Your group may want a private meeting as part of a series of meetings. You may consider inviting close friends to your house, or meeting at a restaurant -- maybe a picnic in the park if the weather is agreeable.
You might also want to meet privately with public officials for an off-the-record discussion about drug policy and the drug war. Others private meetings: a society of treatment professionals, or event at a ladies' club. The public isn't invited.
Journey for Justice: Palm Harbor, FL 2003
For example, during the Coalition's 2003 Journey for Justice, a couple with a grown-son in prison invited us into their home to meet and talk with two other couples, people they've known since childhood. We helped them explain to their friends the issue of the drug war and mass imprisonment, information they took in mostly because they cared about their friends.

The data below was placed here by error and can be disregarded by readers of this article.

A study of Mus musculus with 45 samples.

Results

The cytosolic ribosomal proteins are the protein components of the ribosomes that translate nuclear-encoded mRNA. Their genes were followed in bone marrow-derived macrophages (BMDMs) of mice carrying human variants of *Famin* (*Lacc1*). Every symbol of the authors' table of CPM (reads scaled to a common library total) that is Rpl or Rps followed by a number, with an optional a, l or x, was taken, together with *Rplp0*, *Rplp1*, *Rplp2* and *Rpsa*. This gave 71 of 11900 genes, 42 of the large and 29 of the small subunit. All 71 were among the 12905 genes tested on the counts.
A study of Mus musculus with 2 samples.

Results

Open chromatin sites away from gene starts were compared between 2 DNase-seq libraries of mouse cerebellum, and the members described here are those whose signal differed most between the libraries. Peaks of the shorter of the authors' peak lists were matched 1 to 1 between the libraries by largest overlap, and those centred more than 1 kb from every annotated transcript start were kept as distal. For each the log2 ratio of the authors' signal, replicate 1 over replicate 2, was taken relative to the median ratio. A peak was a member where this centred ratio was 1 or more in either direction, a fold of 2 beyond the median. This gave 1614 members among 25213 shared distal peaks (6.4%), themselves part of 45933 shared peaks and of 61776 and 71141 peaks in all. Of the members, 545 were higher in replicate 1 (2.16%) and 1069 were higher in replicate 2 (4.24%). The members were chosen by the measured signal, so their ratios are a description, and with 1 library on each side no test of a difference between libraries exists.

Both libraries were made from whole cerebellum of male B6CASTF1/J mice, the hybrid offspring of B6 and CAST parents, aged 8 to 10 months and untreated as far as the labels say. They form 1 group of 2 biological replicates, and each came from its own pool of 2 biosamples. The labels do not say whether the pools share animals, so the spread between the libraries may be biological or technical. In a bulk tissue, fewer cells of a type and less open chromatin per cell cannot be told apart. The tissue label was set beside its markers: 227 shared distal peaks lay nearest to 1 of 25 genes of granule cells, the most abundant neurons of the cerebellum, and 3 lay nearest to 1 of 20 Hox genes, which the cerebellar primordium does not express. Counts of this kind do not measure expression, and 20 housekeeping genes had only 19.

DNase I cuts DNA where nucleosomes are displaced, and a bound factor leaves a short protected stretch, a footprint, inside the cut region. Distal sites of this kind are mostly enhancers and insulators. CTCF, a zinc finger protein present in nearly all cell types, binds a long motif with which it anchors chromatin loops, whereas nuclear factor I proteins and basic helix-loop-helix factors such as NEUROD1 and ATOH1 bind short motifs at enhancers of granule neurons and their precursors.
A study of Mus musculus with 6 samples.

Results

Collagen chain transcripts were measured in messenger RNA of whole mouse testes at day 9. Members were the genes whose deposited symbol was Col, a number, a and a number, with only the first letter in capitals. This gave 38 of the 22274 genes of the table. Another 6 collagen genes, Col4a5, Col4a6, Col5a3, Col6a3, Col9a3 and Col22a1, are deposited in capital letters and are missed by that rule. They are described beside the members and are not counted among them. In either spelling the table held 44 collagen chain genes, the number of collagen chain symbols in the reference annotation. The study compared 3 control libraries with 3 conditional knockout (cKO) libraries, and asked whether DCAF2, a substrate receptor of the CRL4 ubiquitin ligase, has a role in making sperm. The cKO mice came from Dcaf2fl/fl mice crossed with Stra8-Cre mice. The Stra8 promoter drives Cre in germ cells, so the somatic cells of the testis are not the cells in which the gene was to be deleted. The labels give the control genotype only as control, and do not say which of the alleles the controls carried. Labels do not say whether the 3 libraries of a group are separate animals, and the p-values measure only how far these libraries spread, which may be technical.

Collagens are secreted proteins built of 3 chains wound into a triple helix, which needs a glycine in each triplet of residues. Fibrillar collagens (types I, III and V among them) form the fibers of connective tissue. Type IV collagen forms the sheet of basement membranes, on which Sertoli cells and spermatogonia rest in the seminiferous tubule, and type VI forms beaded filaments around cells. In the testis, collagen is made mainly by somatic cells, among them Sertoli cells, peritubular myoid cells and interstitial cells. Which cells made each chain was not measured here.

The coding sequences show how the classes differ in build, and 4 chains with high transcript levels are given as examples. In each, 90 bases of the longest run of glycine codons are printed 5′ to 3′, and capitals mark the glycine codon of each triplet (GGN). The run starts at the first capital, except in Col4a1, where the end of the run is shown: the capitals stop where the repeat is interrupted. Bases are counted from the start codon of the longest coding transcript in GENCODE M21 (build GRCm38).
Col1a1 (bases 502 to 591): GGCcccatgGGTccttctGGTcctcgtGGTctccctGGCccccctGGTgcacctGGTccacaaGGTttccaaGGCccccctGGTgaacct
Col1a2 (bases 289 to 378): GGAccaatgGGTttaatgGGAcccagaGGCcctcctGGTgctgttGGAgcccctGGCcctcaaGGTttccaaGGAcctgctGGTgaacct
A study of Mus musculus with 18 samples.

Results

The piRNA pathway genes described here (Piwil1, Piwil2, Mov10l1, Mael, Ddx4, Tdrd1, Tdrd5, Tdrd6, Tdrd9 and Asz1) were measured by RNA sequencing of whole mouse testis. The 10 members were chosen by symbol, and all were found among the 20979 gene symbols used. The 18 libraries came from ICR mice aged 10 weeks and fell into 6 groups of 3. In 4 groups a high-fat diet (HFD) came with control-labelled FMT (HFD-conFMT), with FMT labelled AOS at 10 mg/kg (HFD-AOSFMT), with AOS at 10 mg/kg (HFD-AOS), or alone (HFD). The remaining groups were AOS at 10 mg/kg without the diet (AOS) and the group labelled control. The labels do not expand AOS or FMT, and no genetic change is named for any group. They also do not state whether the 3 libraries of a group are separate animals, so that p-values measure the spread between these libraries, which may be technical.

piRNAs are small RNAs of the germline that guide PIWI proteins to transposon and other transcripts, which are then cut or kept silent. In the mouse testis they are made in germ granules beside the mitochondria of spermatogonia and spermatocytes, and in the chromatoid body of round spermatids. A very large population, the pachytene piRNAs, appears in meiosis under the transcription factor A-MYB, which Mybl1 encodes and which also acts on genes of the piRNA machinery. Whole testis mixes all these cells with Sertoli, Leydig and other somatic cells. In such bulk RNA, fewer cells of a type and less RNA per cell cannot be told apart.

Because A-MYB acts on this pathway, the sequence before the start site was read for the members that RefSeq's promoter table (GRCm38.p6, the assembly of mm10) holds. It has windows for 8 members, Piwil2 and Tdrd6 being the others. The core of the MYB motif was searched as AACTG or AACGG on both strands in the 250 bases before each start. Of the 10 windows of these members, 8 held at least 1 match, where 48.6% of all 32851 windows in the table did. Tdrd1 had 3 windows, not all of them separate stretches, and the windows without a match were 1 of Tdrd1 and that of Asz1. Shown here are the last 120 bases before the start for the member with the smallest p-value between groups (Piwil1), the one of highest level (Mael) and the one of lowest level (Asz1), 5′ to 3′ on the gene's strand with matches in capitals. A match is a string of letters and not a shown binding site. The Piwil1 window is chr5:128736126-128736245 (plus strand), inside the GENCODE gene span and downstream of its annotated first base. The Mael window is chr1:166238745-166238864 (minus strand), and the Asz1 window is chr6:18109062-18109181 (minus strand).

A private meeting has distinct advantages for everyone. Unlike a public discussion, private meetings won't include media representatives and publicity. In the comfort of a living room, or in a ‘closed-door meeting,’ it is often easier to ask questions one would hesitate to ask in public.
Community "After" Meeting: Spokane, WA 2006
Intimate meetings, face-to-face, provide a quality of learning for everyone not always attainable in large, public gatherings.
November Board Meeting: Colville, WA 2007
Hosts of other private meetings found sentencing reform activists from groups whose missions overlap or harmonize with ours.
We're hoping, of course, that private meetings boost your confidence and everyone's interest in public meetings! Though less formal than many public events, plan them with purpose.